Good Reads: From lab-grown meat, to solar LED lamps, to Algebra II reconsidered
This week's round-up of Good Reads includes the case for growing meat with stem cells, Thailand's draconian defamation laws, Kazakhstan's new role in the war against terrorism, a lamp that is changing villages in Kenya, and why it really doesn't matter if you don't take Algebra II.
It’s no secret that Americans like to eat meat. And despite the fact that a growing number of scientists, doctors, environmentalists, and animal rights activists have warned that the overconsumption of meat is not healthy, sustainable, or good for the environment, the demand for meat hasn’t let up (bacon cupcake fad, I’m looking at you). Fun fact: The average person in the United States eats about 270 pounds of meat a year, reports Laura June in The Verge.Skip to next paragraph
Jenna Fisher is the Monitor's former Asia editor, overseeing regional coverage for CSMonitor.com and the weekly magazine from 2010 through 2013.
She writes about a process that is poised to shift the discussion on the environmental, health, and ethical issues surrounding farm animals: meat grown in a lab using stem cells. By using meat produced in a sterile environment, no animals are harmed and no land for grazing is needed. People who have tried a lab meat burger say it is tasty, healthy (zero fat), and indistinguishable from one made of animal meat. And lab-grown meat could be ready for grocery stores and restaurants within the next couple of decades.
Escape from Thailand
When you think of Thailand, you might think of the beaches, the sunshine, and ubiquitous smiles. But journalist Erika Fry shares in the Columbia Journalism Review the gripping story of her narrow escape from languishing for years in a Thai jail after she wrote what seemed to be a straightforward story in the Bangkok Post. She had reported that a Thai official had been accused of plagiarizing his doctoral dissertation on organic asparagus. Although the evidence against him was overwhelming, he, in turn, opened a defamation case against her. What would have been an open-and-shut case in the US in Ms. Fry’s favor, turned into a day in jail, a number of secret meetings, subterfuge, and a lesson in Thailand’s draconian defamation laws and how its justice system is routinely manipulated by people in positions of power and influence.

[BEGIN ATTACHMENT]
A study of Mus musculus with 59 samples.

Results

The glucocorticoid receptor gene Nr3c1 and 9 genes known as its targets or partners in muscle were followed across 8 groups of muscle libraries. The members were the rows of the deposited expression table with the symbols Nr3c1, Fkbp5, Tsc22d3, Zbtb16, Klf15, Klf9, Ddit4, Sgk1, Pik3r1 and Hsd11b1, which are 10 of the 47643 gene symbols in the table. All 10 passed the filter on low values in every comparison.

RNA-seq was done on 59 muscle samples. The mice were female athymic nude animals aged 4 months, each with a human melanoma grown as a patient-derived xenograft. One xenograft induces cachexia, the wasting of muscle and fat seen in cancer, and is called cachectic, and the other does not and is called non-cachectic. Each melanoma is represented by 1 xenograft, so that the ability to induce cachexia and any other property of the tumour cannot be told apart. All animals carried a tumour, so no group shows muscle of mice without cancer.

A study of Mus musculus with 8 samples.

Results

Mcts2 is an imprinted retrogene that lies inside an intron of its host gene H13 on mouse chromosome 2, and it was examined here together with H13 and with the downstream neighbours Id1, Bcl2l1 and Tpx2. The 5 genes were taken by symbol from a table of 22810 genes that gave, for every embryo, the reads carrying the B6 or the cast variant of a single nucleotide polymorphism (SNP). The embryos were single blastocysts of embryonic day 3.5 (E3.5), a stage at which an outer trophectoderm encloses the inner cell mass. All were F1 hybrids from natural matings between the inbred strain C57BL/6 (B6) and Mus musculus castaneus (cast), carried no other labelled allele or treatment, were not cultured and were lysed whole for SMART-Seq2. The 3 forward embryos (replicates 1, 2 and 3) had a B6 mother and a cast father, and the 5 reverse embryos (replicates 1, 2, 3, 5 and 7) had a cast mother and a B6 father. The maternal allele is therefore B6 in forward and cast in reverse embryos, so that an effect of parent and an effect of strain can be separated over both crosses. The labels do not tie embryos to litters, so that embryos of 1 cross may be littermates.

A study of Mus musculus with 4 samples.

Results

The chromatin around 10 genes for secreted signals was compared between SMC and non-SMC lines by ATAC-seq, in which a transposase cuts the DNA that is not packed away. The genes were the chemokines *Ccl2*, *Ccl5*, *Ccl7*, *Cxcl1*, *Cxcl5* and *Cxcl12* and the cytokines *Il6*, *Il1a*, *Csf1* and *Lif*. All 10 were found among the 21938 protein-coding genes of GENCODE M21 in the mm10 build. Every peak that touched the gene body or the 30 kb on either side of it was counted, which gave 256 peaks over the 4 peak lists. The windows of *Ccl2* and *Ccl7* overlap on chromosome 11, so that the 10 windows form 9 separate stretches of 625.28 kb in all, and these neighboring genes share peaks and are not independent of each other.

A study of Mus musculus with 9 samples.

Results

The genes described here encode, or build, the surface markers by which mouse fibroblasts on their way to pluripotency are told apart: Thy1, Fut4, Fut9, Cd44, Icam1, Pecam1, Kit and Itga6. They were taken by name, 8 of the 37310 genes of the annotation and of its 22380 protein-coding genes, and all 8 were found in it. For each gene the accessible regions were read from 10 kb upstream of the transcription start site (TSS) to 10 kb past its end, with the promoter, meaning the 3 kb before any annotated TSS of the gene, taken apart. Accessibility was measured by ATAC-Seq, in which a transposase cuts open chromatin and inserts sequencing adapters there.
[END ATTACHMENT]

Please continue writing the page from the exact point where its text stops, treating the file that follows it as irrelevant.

Kazakhstan as an antiterror investment
This summer President Obama said he would rethink his opposition to the US military involvement in Syria if the regime there were to use its stockpile of chemical and biological weapons. Now, as the world determines how to respond to the use of chemical weapons in Syria, Alex Pasternack takes this as a timely moment to point out in Vice magazine that the Pentagon is pumping hundreds of millions of dollars into its own biological warfare program: Kazakhstan’s new Central Reference Laboratory. “When it opens in September 2015, the $102-million project laboratory is meant to serve as a Central Asian way station for a global war on dangerous disease,” writes Mr. Pasternack.